If you’re just over office life, or you need to be home more to take care of an aging parent, or you don’t want to deal with a commute, then applying for a remote job might just be your best option.
Problem is, you haven’t had a remote job before.
You shouldn’t let your lack of remote work experience stop you from applying for a remote gig. You can redesign your resume so that it highlights your ability to work remotely, but don’t stop there. Your cover letter is what can really seal the deal in order for you to get a callback for a job interview.
When you’re applying for a remote job, here’s what to include in your cover letter:
Your remote work experience
So we’ve already established that you might not have remote work experience. Or do you?
Think back to the various times in your professional (and personal) life in which you performed some sort of remote work. It might have been the time you volunteered for your child’s school and did fundraising from home. Or it could have been when you freelanced and wrote a story for your local newspaper. All of that counts as remote work and should definitely be included in your cover letter.
Related: Remote work is the “new normal”
Your ability to self-motivate
Think about what it takes to successfully work from home, and use your cover letter to discuss how you possess and/or have mastered these skills and traits over time (as long as that’s true!).
For example, if you’re very self-motivated, highlight that. In a home office environment, you may not have colleagues or a boss looking over your shoulder, reminding you about deadlines all the time. So you need to assure the employer you’re the type who won’t slack off when nobody’s watching.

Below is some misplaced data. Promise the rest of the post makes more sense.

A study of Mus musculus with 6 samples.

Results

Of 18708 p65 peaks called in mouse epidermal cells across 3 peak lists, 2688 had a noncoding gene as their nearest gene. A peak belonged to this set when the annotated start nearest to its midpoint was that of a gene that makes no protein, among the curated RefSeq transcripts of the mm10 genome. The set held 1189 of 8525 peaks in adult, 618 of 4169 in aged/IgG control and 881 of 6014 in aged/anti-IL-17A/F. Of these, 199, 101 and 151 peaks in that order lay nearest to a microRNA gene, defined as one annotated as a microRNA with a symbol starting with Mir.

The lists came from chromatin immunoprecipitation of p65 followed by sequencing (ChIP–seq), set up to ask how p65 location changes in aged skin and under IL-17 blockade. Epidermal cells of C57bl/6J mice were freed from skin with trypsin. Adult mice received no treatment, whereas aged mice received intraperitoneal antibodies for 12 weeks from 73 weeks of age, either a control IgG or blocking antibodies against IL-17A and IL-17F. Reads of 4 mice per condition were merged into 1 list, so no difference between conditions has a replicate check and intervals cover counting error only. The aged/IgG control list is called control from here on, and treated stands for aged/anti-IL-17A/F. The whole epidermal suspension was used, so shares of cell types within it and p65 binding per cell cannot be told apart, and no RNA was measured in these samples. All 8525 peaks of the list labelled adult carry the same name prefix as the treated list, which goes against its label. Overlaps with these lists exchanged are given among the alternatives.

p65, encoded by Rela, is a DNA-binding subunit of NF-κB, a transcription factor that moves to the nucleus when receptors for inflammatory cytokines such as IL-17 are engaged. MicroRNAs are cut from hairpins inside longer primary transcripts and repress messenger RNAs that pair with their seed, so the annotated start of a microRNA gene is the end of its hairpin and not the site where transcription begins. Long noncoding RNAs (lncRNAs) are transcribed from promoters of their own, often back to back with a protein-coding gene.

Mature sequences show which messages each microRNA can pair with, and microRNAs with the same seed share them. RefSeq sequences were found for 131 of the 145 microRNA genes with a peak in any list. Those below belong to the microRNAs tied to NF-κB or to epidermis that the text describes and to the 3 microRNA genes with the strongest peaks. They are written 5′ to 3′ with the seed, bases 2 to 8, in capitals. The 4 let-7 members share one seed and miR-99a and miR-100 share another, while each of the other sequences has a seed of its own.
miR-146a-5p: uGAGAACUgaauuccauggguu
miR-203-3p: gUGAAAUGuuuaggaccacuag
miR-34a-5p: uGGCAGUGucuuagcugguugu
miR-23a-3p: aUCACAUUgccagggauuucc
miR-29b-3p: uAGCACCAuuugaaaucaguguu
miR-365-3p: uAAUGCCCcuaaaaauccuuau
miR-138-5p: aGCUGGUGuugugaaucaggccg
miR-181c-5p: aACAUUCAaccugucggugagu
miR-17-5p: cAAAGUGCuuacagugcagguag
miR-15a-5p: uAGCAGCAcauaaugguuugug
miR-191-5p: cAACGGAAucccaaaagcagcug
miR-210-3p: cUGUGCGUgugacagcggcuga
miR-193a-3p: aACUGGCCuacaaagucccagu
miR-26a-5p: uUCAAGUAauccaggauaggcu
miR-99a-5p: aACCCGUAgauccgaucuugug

Related: When remote work backfires, this is usually why
Your communication skills
One of the biggest factors in being a strong remote job candidate is your ability to communicate frequently and effectively. So beyond staying in contact with a potential employer during the job interview process, you should highlight your communication skills in your cover letter.
Here you don’t need to cite remote job experience specifically; just offer a couple of instances that spotlight those strong communication skills. An employer wants to know that the job candidate he’s going to hire for a remote job won’t go MIA or be reticent to communicate, and by showing that you are a proactive communicator, that can go far in helping you land the job.
Related: This is what remote workers need most from their bosses
Your ability to problem solve
The thing about remote work is just that…it’s remote. Meaning there’s no boss there to stroll past your cube to check up on you, or find out ahead of time if there’s a problem brewing between you and another colleague. That’s why you should use your cover letter to show how you’ve handled problems at work in the past; maybe the company’s choice of software was sluggish and you did some research to find a better program that helped everyone’s efficiency. Mention a couple of instances in one short paragraph to help convince an employer that if a problem were to arise working remotely, you’d be able to solve it on your own, and if not, you’d be the first one to communicate the quandary to your boss.
Some job seekers simply regurgitate their resume in their cover letter, but that’s wasting a golden opportunity to truly convince an employer of why you’d be a great remote employee. So use that one page to show all the soft skills you have that make you an ideal candidate for a remote job, the experiences you have as well as the transferable skills, and that job could be as good as yours.
This article originally appeared on Remote.Co and is reprinted with permission.
KUALA LUMPUR (June 22): Prime Minister Tun Dr Mahathir Mohamad said it was impossible for his immediate predecessor Datuk Seri Najib Tun Razak to be unaware of 1Malaysia Development Berhad (1MDB) transactions as he had claimed in an interview recently.
Dr Mahathir said Najib's signature was all over the related documents involving the state fund corporation.
“Who wants to believe him that he didn’t know when he signed (his name)? Every bit of money that goes in and out of the first borrowing of RM42 billion, all his signature.